As a three-time participant in the ICCCAD short course, I consider myself as a veteran by now!
The first course I attended was the 7th Short Course on Scientific Approaches to CBA, in July 2011. At that time I had just arrived in Bangladesh. I had come to conduct an initial participatory research assessment, for participatory action research on climate risk management under the Climate Change, Agriculture and Food Security (CCAFS) Program. I was quite new to the subject and the Bangladeshi context, and the course was a good starting point for me. Through theoretical lectures illustrated by a field trip and discussions with international participants, we defined and unpacked the concept of community-led research with a specific focus on agriculture adaptation, providing me not only with a good overview of Bangladesh, but mainly concrete scientific tools and ideas on how to start my work here.
The second was a stakeholder consultation workshop followed by a three-day training course on South-South cooperation for addressing Loss and Damage. Having participated to the COP 18 in Doha and followed the vehement discussions on loss and damage, I was very interested in finding ways to integrate or link the loss and damage issue to my current work on adaptation, as well as better understanding the future steps to be taken to move towards an international mechanism on L&D. The presentations gave the floor for rich and active discussions among the participants, especially on how index based insurances could compensate for loss and damage, which is a topic I am working on.
The third short course was a workshop on Monitoring and Evaluation for CBA, in April 2013, and was coupled with the CBA7. My participation to this training was a response to a need I had to develop a M&E approach for my project that would specifically target CBA. How to measure the increased resilience of communities to something that is constantly evolving, and difficult to isolate and to measure? And how to link that with your activities? Through an interesting formula consisting in working in groups and developing an analytical observation of some presentations at the conference in the light of the M&E for CBA, the course helps you to question, to criticize, to look at your project within a different time frame, a broader scale. There is no easy, ready-made method, tool or answer to that question, but there is an emerging concern about it. And at the end of the course you’re able to take a different look at the situation, ask the right questions and take part in this emerging process to better integrate CBA in your M&E approach.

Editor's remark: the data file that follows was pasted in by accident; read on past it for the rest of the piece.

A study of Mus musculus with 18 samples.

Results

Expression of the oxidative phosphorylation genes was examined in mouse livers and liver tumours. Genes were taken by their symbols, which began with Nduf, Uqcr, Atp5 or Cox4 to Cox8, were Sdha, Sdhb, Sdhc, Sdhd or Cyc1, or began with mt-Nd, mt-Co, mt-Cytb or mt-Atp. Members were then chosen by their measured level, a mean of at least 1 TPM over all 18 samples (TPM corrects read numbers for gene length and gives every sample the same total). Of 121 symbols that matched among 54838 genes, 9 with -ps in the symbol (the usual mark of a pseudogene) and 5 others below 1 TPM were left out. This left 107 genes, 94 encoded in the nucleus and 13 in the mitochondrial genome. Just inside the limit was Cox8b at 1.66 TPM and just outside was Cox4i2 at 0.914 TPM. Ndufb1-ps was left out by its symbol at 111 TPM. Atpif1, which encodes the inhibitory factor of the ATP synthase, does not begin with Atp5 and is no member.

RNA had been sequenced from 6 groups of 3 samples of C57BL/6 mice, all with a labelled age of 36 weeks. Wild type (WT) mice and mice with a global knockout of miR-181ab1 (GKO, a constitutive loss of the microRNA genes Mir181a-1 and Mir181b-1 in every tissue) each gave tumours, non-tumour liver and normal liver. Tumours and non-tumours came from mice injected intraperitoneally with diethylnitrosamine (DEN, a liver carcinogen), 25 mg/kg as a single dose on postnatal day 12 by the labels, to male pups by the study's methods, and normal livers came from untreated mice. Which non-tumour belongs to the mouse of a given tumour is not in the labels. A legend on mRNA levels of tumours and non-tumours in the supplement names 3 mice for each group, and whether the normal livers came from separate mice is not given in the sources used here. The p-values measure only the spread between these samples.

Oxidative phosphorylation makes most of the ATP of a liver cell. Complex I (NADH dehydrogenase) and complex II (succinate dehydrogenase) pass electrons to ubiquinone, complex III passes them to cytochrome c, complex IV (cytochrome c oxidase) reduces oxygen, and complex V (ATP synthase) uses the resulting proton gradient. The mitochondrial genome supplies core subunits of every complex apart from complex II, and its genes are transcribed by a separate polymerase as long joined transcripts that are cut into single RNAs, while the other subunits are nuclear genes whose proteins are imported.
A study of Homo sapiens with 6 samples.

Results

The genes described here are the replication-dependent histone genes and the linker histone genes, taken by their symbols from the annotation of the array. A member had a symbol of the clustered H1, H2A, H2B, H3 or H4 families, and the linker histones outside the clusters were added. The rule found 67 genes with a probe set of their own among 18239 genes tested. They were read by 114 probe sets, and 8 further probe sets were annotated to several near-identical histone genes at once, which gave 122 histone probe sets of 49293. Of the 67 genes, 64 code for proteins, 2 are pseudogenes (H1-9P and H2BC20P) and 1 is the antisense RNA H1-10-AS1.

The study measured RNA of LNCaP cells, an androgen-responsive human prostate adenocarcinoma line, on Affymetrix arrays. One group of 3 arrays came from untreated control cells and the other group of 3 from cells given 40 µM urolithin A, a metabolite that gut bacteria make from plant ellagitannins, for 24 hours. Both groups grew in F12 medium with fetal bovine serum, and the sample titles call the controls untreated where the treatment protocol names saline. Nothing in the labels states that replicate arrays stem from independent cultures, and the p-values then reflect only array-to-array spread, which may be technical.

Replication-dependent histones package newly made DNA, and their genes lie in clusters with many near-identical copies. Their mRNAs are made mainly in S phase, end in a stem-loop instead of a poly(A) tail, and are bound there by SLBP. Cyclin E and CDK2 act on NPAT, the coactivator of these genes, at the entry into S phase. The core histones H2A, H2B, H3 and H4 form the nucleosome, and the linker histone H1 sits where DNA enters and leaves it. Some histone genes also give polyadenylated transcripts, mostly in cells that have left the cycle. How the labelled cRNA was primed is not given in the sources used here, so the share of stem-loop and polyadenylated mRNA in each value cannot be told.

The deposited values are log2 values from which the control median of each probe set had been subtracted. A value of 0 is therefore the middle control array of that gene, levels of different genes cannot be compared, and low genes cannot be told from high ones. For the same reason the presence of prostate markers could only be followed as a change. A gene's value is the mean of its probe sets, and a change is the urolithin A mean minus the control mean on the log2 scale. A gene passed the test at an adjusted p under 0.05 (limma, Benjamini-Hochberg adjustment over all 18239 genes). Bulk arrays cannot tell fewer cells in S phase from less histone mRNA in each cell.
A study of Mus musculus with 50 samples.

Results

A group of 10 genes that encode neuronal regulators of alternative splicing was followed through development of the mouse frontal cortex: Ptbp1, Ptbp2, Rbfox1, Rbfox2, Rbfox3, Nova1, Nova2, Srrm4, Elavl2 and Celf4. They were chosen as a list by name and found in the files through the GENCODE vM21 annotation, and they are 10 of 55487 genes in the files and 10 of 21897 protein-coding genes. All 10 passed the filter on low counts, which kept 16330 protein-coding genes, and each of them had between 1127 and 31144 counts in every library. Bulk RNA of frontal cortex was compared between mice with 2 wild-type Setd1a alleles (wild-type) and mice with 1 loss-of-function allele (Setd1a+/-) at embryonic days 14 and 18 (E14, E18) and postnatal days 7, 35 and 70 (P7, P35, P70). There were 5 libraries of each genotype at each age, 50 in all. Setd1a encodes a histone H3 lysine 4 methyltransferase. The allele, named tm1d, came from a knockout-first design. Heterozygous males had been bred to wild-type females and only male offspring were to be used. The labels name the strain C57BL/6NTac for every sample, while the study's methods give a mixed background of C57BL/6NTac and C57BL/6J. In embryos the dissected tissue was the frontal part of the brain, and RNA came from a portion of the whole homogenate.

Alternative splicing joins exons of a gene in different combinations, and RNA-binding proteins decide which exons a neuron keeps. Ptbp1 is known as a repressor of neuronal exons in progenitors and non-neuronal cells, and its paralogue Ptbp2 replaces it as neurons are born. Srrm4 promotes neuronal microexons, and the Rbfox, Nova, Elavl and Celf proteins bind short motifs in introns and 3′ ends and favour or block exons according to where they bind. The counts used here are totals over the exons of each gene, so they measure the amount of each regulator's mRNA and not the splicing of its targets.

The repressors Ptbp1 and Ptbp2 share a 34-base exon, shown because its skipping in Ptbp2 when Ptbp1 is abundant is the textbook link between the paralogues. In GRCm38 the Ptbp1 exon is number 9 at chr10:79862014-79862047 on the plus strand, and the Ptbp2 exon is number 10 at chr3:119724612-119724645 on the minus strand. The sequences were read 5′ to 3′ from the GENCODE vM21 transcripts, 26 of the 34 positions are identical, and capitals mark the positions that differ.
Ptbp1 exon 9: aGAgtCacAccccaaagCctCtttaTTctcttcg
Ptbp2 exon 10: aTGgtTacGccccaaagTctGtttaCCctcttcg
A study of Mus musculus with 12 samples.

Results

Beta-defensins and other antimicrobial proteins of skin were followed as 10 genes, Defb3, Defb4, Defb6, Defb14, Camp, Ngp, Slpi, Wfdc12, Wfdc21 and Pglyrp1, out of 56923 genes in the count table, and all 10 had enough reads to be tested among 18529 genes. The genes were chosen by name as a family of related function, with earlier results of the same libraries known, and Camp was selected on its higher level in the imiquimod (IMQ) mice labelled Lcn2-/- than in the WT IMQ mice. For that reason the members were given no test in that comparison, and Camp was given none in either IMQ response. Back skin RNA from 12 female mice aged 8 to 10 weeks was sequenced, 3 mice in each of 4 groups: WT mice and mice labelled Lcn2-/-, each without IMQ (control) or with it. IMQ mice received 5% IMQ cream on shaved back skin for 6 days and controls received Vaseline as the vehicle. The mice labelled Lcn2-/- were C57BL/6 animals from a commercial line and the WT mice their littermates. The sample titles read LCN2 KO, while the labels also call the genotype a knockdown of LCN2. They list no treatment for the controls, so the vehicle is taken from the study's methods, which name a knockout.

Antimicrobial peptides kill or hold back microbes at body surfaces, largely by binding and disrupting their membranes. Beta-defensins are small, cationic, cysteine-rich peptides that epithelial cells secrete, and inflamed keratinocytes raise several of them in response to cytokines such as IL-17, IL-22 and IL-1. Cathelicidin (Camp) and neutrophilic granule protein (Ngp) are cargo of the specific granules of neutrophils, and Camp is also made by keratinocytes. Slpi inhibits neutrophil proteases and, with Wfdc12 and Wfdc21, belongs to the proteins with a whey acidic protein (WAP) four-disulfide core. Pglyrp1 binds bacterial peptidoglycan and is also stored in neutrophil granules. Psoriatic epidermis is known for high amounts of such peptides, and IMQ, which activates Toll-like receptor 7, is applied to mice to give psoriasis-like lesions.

I definitely consider those three short courses as a full part of my learning process that supported and completed my working experience in Bangladesh. Starting from a broad, huge multi-drawer concept like CBA, it accompanied me while I progressively diversified my knowledge and experience through specific topics such as Loss and Damage and M&E for CBA, thanks to the opportunity to explore and unpack them within an international group of experts.